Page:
A Case for Civility
When I (finally) became a mother, I was surprised to learn that certain parenting topics were super-duper controversial. Here are just a few examples:
- Breastmilk vs. formula
- Cry it out or rock to sleep?
- Stay at home vs. working parent
- To spank or not to spank?
- Vaccinations: Harmful or helpful?
When it comes to raising kids, there are thousands of little camps of opinion, and when we join one, we fiercely defend it. We view those in opposing camps with suspicion.
I'm easing into this article by using parents as an example. But don't you think that people in general (not just parents) are divided by many strong feelings and opinions on enough topics to fill the Grand Canyon?
Abortion, LGBTQ+ issues, illegal immigration, gun control, healthcare, economics, foreign policy, and the list goes on … We see divisive topics splashed across Twitter, with various views passionately defended by thumbs tapping in zeal.
Even as church members, we may think very differently on some issues.
Imagine two perfectly friendly-looking moms pulling each other's hair and punching each other over an argument about childhood vaccines. Vaccination isn't a trifling issue, but two ladies brawling isn't exactly productive.
As servants of God, we should take a firm stand on certain matters, especially those that are clearly laid out in scripture. And there's nothing wrong with being passionate and even vehement in our stance on these things. But does this mean we need to abandon civility while defending our position?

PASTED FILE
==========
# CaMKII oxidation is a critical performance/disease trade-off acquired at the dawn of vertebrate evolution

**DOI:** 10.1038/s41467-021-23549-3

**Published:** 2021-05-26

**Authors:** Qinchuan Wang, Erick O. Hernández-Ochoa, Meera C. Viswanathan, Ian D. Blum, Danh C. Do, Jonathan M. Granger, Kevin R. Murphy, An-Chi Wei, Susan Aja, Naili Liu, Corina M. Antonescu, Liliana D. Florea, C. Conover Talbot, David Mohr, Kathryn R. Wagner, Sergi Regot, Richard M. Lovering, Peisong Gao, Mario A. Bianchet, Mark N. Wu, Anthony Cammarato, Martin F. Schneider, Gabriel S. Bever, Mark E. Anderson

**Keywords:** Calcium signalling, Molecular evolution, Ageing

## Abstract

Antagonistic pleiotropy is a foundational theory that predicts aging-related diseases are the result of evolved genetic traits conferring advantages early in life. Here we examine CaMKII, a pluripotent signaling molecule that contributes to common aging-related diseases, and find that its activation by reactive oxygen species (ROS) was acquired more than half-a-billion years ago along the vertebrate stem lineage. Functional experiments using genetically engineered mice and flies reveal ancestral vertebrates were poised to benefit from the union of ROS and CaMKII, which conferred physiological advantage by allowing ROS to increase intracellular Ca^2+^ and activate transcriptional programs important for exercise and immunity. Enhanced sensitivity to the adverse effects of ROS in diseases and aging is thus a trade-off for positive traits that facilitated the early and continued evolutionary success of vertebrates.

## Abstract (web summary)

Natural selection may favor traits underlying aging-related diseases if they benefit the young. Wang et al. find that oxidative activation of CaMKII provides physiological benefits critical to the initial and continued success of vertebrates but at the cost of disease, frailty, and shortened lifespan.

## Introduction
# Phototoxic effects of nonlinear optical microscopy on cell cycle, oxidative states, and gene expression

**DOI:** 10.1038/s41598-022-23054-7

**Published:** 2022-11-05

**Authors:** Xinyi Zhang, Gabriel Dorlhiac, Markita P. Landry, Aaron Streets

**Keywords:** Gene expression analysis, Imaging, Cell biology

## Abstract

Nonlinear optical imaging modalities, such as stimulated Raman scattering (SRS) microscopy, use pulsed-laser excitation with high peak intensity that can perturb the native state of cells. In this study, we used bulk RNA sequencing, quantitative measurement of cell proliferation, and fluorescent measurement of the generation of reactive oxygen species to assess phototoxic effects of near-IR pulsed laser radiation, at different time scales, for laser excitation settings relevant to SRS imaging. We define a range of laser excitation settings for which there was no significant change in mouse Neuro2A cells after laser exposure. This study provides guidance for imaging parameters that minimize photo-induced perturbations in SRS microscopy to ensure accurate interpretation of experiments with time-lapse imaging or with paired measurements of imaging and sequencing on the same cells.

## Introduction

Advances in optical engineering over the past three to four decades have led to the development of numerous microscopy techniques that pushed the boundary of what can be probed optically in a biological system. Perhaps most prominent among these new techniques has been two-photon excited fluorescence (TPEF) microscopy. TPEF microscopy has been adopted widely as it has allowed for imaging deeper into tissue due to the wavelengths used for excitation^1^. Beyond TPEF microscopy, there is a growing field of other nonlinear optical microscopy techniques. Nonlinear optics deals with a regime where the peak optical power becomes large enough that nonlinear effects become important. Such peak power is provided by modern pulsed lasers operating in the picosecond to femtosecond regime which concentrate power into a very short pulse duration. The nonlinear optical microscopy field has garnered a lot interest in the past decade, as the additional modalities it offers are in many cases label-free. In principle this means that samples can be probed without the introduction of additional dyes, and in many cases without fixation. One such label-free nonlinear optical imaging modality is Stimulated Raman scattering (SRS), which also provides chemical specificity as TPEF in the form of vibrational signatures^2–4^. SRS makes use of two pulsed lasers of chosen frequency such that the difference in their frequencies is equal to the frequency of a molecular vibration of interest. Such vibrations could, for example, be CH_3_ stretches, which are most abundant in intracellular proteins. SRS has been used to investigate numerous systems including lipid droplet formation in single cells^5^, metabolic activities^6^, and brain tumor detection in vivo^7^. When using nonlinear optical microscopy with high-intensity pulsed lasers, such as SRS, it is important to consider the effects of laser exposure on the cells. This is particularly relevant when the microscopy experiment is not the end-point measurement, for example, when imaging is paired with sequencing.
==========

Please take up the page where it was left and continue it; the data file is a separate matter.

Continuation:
Civility means politeness and courtesy in behavior or speech. It's not soft-pedaling or sugar-coating. Rather, it has a lot to do with the golden rule: How can we expect others to show civility to us if we don't treat others that way?
First, if I refuse to even engage in a friendly two-way conversation with someone with whom I disagree, that's uncivil. It's plugging my ears and singing la-la-la-la. It's staying inside my safety bubble.
Second, when I am willing to talk, if I start arguing and name-calling, and I'm not really listening to the other person, and my temper is getting the better of me, then I'm clearly demonstrating incivility. I close the door to a genuine exchange of ideas.
True, there are plenty of instances in scripture where Jesus, the apostles, and other great leaders employed condemning language and behavior. But there are loads of verses that also encourage me to communicate with love and respect. I've provided a little list at the end in case you want to study up, but here are a few guideposts:
- Let every man be swift to hear, slow to speak, slow to wrath. (James 1:19)
- Let no corrupt communication proceed out of your mouth, but that which is good to the use of edifying, that it may minister grace unto the hearers. (Ephesians 4:29)
So, the next time I find myself on opposite sides of the court with someone — especially with a brother or sister in Christ — I want to do my best to stay within the bounds of civility. I want to really listen and understand. It's not easy at times, but my relationships are worth it. The social fabric of my country is worth it. The unity of the Body is worth it.
Even when I'm face to face with someone who not only disagrees with me but who purposely offends me and seeks my ill, I want to remember the words of Jesus: "Love your enemies."
More scriptures about courtesy, civility, and wise communication:
- Leviticus 19:14
- Psalm 19:14
- Psalm 37:30
- Psalm 141:3
- Proverbs 10:14, 19
- Proverbs 12:18
- Proverbs 15:1-4, 28, 31-32
- Proverbs 16:23-28
- Proverbs 17:27
- Proverbs 18:2, 13, 21
- Proverbs 21:23
- Proverbs 24:6
- Proverbs 27:6
- Ecclesiastes 9:17
- Ecclesiastes 10:12
- Matthew 12:34-37
- Matthew 14:12
- Romans 12:10
- Romans 14:19
- Ephesians 4:2-3, 15-32
- Philippians 2:3-4
- Colossians 3:8, 12-14
- Colossians 4:6
- 1 Thessalonians 5:11
- James 1:26
- James 3:1-12
This article has undergone ministry review and approval.